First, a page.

The disastrous beginning of the war
When the war began, there was a deep dislike of Stalinism in many groups of Soviet population. Some people were angry about loss of their land to the collective farms, some were outraged at the suppression of the Christianity, and some had lost members of their families in all kinds of purges that occurred in 1930s. Russian Cossacks could not forgive the destruction of their communities and practically prohibition of their ways and traditions.
That is why in some regions of the USSR Germans were welcomed as liberators. In Ukraine, Belorussia and Western Russia peasants thought that crosses on the German tanks had something to do with bringing the Christianity back. After all, any order was expected to be better than Stalin's order.
Stalin was not very popular in the army either. The Red Army had been cleansed of over 40,000 officers. Army was demoralized. Best marshals of the USSR were killed in 1930s purges, many top generals who were not killed were imprisoned. One of future heroes and best Russian generals in WWII, Rokossovsky, was arrested and tortured as a spy (which was fabricated). Later Konstantin Rokossovsky, who was in a concentration camp when the invasion came, was awarded high commands and sent to the front. It's just a miracle that general (later Marshal) Zhukov was not killed on some fabricated case. The officers who survived the political purges were afraid to show any initiative, because initiative was punished in Stalin's times. The soldiers were not properly trained, and not too motivated.
In 1941, The Red Army was obviously no match for the Germans. Soviet Union made an amazing industrial effort during the years prior to the WWII. But when the war began, there was still at first a shortage even of basic weapons, like rifles and machine guns. The majority of Soviet tanks and planes were obsolete and were destroyed within the first weeks of war. But the situation became even worse when Soviet Union lost its western areas, very important in industrial sense.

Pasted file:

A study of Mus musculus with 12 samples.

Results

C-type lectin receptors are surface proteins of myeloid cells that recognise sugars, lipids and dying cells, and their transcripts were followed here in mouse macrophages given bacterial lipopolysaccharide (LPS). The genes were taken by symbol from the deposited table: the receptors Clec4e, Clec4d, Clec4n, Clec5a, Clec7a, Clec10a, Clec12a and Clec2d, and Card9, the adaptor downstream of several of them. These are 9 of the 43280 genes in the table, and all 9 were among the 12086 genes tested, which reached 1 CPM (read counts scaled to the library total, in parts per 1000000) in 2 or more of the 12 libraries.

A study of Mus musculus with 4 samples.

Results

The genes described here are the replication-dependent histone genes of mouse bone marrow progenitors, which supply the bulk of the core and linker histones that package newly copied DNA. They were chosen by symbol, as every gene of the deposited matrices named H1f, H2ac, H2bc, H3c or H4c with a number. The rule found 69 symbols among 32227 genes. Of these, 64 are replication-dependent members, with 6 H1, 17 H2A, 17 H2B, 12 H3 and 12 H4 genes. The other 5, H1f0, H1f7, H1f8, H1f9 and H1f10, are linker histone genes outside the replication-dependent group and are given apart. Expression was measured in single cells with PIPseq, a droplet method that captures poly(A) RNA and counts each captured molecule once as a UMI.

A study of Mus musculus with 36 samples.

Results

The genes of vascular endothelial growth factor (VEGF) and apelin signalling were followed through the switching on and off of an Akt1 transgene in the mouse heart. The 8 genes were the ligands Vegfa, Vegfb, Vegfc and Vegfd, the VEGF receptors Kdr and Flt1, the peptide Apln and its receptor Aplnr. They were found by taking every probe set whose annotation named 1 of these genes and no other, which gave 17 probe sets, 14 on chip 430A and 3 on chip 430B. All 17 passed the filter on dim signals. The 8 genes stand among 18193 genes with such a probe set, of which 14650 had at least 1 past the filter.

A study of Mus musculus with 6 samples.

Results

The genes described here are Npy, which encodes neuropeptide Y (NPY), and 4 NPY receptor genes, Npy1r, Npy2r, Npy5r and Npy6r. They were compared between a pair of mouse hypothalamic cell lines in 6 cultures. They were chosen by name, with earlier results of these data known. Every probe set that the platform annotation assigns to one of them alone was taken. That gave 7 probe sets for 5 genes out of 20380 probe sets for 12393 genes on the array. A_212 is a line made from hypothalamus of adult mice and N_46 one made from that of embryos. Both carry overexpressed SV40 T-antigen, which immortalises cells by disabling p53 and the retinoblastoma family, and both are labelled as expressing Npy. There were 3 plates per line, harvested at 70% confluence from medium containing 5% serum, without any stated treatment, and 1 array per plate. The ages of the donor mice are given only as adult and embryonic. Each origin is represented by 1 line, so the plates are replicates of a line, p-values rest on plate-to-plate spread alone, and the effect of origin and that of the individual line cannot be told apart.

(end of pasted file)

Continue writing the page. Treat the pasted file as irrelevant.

On the 22nd of June, 1941, about 3 million soldiers rushed into the Soviet Union. There were 205 German divisions, and over 50 divisions of their satellites. In the beginning of war, there were a lot of Soviet POW's. (although when the Red Army got trained in battles and got some equipment, there began big portions of German POW's)
Germans could easily capitalize on the hatred of the Soviet people to their government and godless ideology. But they did not. And since the Nazis treated the Slavic population as "lesser beings", they quickly lost the sympathy they had at first. The partisan warfare started. But it was later, first weeks and months of the war Germans didn't have that negative image.
German combat troops were soldiers like any other. They did what they were ordered to do. They were the ones who could be actually seen as liberators from stalinism, communism, atheism and all other "ism's". But after the German field troops came SS. And it was SS that started all the public hangings and shootings. At first they were saying that they were targeting communists and Jews, but in reality they went after the general population. Everybody suddenly became guilty until proved innocent. Hitler's order didn't seem to be better than Stalin's. Even German combat troops were disgusted by the "deeds" of SS. One of the most talented German generals, Heinz Guderian (he lead Panzer divisions towards Moscow in 1941), wrote about the SS that they "managed to alienate all sympathy from the Germans and prepared the ground for the horrors of partisan warfare."
The first period of war was a pure disaster for the Red Army. Both the army and Stalin (Stalin WAS the government) were taken by surprise by the sudden German attack (although there were messages from the intelligence sources ignored by Stalin). Neither people, nor the armed forces were ready for war. Red Army training was not equivalent to that of the German Army. During the first months of the war, two thirds of the Red Army strength was in the captivity or died, over million were wounded.
Soviet Command quickly raised new armies, but those were even worse equipped and had no training whatsoever. They were learning on the fly. Many died, but those who survived learned well, from their and others' mistakes. Russian officers were getting their experience too. Soon enough they were as experienced as their German counterparts. Maybe the time of the experience was shorter, but the intensity was definitely as high as it could get.